Hervé Houdré is the Regional Director of Operations of the InterContinental Hotel Group (IHG) and General Manager of the landmark InterContinental New York Barclay, now closed for major renovation. As an award-winning luminary on integrating sustainability into large, luxury, urban hotels, Houdré is considered one of New York City’s greenest hoteliers and was instrumental in making the InterContinental Barclay an industry leader in responsible hospitality.
Widely published on sustainable hospitality, Houdré is chairman of the Hotel Association of New York City’s (HANYC) Sustainable Hospitality Committee, which recently announced the winners of its first Sustainability Awards, part of an effort to move New York City hotels toward a more sustainable future.
Hotelier International: Why do you believe hotels should think about sustainability?
Hervé Houdré: Sustainability is about the triple bottom line – profit, people, planet. It’s about making money while taking care of the environment and the communities surrounding us. Hotels use lots of energy. Hotels create lots of waste – our own as well as what we collect from customers. Mitigating our very big carbon footprint is the “planet” part. For the “people” part, we also depend a lot on local communities, so it’s fitting to be socially responsible and give back. And, obviously, we have
to deliver “profit” to be sustainable financially.
HI: How has IHG taken sustainability to heart?
HH: IHG has Responsible Business as one of its four strategic objectives. It means we’re here to do business, but must embed the principles of sustainability in everything. Our internal sustainability certification, called GreenEngage, has 150 key indicators. Most other hotel management
companies have also incorporated sustainability.
HI: Has it been easy to push internally for sustainability?
HH: The biggest issue is one of financial return on investment. The owners – and the financial world – don’t always see sustainability as a way to increase profit. I’m not blaming them. I think it’s up to us, the operators, to show them the value in being sustainable, even when we simply tackle the low-hanging fruit.
HI: What is some of the low-hanging fruit?
HH: Bulbs! In 2006, we changed to energy-efficient bulbs at the Willard InterContinental Washington. We saved $120,000 and it cost only $45,000. That’s the savings every year against a one-time cost. At the Barclay, after changing bulbs and being as energy efficient as possible since 2009, in 2013 we saved $400,000 in electricity cost versus 2009 expenditures with the same occupancy. We saved $900,000 in five years. A huge return on investment!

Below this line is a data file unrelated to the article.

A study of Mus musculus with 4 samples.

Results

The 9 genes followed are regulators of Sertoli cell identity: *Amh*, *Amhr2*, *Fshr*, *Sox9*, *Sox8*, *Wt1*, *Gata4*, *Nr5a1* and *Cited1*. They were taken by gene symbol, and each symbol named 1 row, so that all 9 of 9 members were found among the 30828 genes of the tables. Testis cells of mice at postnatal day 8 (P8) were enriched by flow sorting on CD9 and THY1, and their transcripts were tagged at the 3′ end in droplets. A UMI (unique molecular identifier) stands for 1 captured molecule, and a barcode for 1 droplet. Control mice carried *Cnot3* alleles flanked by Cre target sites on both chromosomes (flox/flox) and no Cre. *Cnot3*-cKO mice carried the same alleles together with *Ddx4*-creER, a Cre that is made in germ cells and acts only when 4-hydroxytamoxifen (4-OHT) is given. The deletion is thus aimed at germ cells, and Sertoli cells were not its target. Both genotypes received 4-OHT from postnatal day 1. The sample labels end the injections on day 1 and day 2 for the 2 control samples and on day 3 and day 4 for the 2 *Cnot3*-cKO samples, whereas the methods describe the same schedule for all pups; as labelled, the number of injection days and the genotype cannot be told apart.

HI: Are there other initiative?
HH: To be sustainable doesn’t mean spending lots of money. It’s opening your eyes and doing the right thing. At the Barclay, a rooftop garden grew herbs, cherry tomatoes, and peppers used by the chef and mixologist. We also have beehives, which was copied by other hotels. We wanted to show our concern about the city’s biodiversity and ecosystem. Breakfasts were based on organic, sustainable, and seasonal food, which was good for people’s health, the environment, and local farmers and producers. We donated whatever we couldn’t use to City Harvest. We were the first hotel to have an Enviro composter to convert organic waste to topsoil. The machine managed 40 percent on site, while the rest was sent away for processing. We sent all used amenities to Clean the World, which processes it into soap bars for use in Africa. Of course, there were low- flow showers and toilets, 100 percent biodegradable keycards, and we purchased renewable energy credits to show our commitment to renewable energy.
These are little things! You can go into bigger things like cogeneration and micro-turbines. We are always trying to find new ideas. It’s non-stop.
HI: What would you counsel other hoteliers to do when grappling with sustainability?
HH: Go through a sustainable certification process. If you have no clue what you should be doing, it’ll give you ideas. I recommend Green Key Global (there are others like Green Globe and EarthCheck) because it’s good return on investment. It’s not very expensive and even offers a great roadmap to follow. Certifications are also marketing tools that draw attention.
HI: How has your work with HANYC’s Sustainable Hospitality Committee helped drive the sustainability agenda in New York City?
HH: We created this committee four years ago because we are concerned
about being good citizens. One of our initiatives was to create a sustainable hospitality website. Another was to establish Sustainability Awards, given last year for the first time.
HI: How can we make the move to sustainability a speedier and more urgent process?
HH: Unfortunately, at the nation-state level, we don’t seem to get along. Because governments can’t really settle, it’s up to businesses to make a big stride. This is why, when it comes to the hotel industry, I’m trying to do as much as I can to influence it in the best way possible.